All Nonfiction Bullying Books Academic Author Interviews Celebrity interviews College Articles College Essays Educator of the Year Heroes Interviews Memoir Personal Experience Sports Travel & CultureAll Opinions Bullying Current Events / Politics Discrimination Drugs / Alcohol / Smoking Entertainment / Celebrities Environment Love / Relationships Movies / Music / TV Pop Culture / Trends School / College Social Issues / Civics Spirituality / Religion Sports / Hobbies
- Summer Guide
- College Guide
- Author Interviews
- Celebrity interviews
- College Articles
- College Essays
- Educator of the Year
- Personal Experience
- Travel & Culture
- Current Events / Politics
- Drugs / Alcohol / Smoking
- Entertainment / Celebrities
- Love / Relationships
- Movies / Music / TV
- Pop Culture / Trends
- School / College
- Social Issues / Civics
- Spirituality / Religion
- Sports / Hobbies
- Community Service
- Letters to the Editor
- Pride & Prejudice
- What Matters
The Fall MAG
We are all interconnected on the web of life.
That spring was gorgeous. Persephone, herself, walked the earth, waking it from its sweet slumber. The trees were in bloom, the grass was green, and the flowers ran rampant. I was immersed in a world of beauty and that is when I notice Jane. We had been friends for awhile, but that spring we became inseparable. On those clear, blue nights, we would talk about everything. Friends, school, boyfriends, and a love of life drew us together.
Summer came; it was hot, too hot. I was bloated with heat; and a wildfire blazed through my mind. I was absorbed by Jane. She became my life. I only felt normal – loved, with her – yet I also felt internal disgust with my happiness. She was my best friend and I loved her – but more that that, I was in love with her.
For months, I had battled my emotions. I had an internal war raging in my head. I tried to ignore my growing attraction to her. Lord knows I couldn't talk about it. Jane at that time was my only connection to the real world, the straight world. I was isolated and starved when I finally surrendered, and I finally decided to tell her.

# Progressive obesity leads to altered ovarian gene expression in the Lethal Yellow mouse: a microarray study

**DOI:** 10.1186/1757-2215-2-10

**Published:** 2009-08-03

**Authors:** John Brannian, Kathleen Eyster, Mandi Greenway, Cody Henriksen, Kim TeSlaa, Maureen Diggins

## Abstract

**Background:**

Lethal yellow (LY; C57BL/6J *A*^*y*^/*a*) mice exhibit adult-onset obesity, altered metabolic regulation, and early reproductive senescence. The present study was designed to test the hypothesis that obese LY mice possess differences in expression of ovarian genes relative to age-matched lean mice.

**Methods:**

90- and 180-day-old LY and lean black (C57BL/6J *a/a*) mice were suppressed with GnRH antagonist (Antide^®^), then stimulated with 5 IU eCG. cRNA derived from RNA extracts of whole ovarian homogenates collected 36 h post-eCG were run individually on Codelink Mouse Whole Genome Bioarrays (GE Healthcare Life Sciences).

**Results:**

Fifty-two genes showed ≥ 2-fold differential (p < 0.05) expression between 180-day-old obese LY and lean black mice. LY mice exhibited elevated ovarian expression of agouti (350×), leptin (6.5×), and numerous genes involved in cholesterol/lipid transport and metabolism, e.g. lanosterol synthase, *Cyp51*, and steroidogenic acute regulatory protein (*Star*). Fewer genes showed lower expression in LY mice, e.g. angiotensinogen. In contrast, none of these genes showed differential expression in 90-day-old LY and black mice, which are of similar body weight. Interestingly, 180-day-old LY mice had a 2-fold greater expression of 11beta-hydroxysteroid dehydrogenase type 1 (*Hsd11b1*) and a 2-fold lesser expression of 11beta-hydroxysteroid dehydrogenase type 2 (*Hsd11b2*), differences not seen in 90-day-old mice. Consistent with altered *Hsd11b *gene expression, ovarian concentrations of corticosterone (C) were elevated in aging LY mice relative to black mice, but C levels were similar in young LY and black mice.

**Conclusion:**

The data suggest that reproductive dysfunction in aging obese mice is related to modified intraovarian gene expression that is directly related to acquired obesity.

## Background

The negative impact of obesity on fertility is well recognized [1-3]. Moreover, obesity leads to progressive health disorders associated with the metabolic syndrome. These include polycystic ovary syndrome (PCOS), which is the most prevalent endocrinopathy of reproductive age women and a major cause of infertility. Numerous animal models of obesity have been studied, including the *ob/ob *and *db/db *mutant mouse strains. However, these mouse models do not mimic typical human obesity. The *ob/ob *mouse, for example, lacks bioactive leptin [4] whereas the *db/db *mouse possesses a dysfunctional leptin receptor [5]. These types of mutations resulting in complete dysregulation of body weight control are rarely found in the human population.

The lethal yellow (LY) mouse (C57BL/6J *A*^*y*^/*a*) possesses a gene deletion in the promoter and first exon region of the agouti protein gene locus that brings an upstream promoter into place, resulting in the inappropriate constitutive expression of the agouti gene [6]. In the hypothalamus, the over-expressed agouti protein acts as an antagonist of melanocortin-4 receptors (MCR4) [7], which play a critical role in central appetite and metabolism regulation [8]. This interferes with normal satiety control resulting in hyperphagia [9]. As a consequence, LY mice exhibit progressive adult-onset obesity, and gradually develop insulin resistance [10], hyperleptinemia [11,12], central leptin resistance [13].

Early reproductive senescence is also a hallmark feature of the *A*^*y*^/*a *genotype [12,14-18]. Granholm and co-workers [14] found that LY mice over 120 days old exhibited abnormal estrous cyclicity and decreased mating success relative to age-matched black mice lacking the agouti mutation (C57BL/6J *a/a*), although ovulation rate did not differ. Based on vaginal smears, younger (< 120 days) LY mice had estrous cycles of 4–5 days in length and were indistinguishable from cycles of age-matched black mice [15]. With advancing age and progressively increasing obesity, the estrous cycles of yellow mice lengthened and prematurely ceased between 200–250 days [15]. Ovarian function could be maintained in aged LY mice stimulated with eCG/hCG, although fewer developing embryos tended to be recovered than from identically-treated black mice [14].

It was an early fall that year. The temperature must have dropped 65 degrees in one week. I remember the cold moving in so clearly.
It was a mid-August night, Jane and I had spent the day playing cards and watching TV. I was waiting for the night to come, for everyone else in my house to retire. I was extremely tense. We were finally alone around ten in the kitchen. I looked at her for the first time that night, directly. I said something like, “I want you to look at something. Please don’t laugh and please don’t hate me.” I went to retrieve a book of poetry, poetry I had written to her.
We sat down in my living room. I knew I was shaking. With her pale, thin fingers, she began flipping through my flower-covered book. It was too much for me to bear. I left for the kitchen to pace. Pacing had always made me feel better, although it did not make time go any faster. My palms were sweating. It was the longest 15 minutes of my life. When I returned to the living room she said, “We have to talk.”
The rest of the night is a blur. We talked and walked for about two hours. There was nervous tension, an ominous feeling that was not present before.
She left in confusion and soon after I went on vacation. I did not have the best timing, but it made sense at the time. Sometimes I wonder what would have happened if I had not left her alone and confused for the week. But insomnia is built upon "what if's."
The last time we talked was a week after I returned from New Jersey. We talked on the phone for about three hours. She said that she did not want to see me again. She asked me not to call her or even talk to her in school. I was so desperate; I pleaded and begged and even cried. But she hung up. Connection terminated.
It was a hard fall. My sanity grew crisp and fell like leaves, piece by piece upon my soul. I placated myself with school and sports. I was drowning in my own sorrows and in my own tears. There was no one to turn to.
Fall was hard, but winter was far worse, Like many trees that lay dormant in the cold, I hung to life by a thread. Cold wind whipped through my head.
We are all interconnected on the web of life. Whether we like it or not, nature is all around us. And if you hang on, just hang on, spring always follows winter. It was a beautiful spring.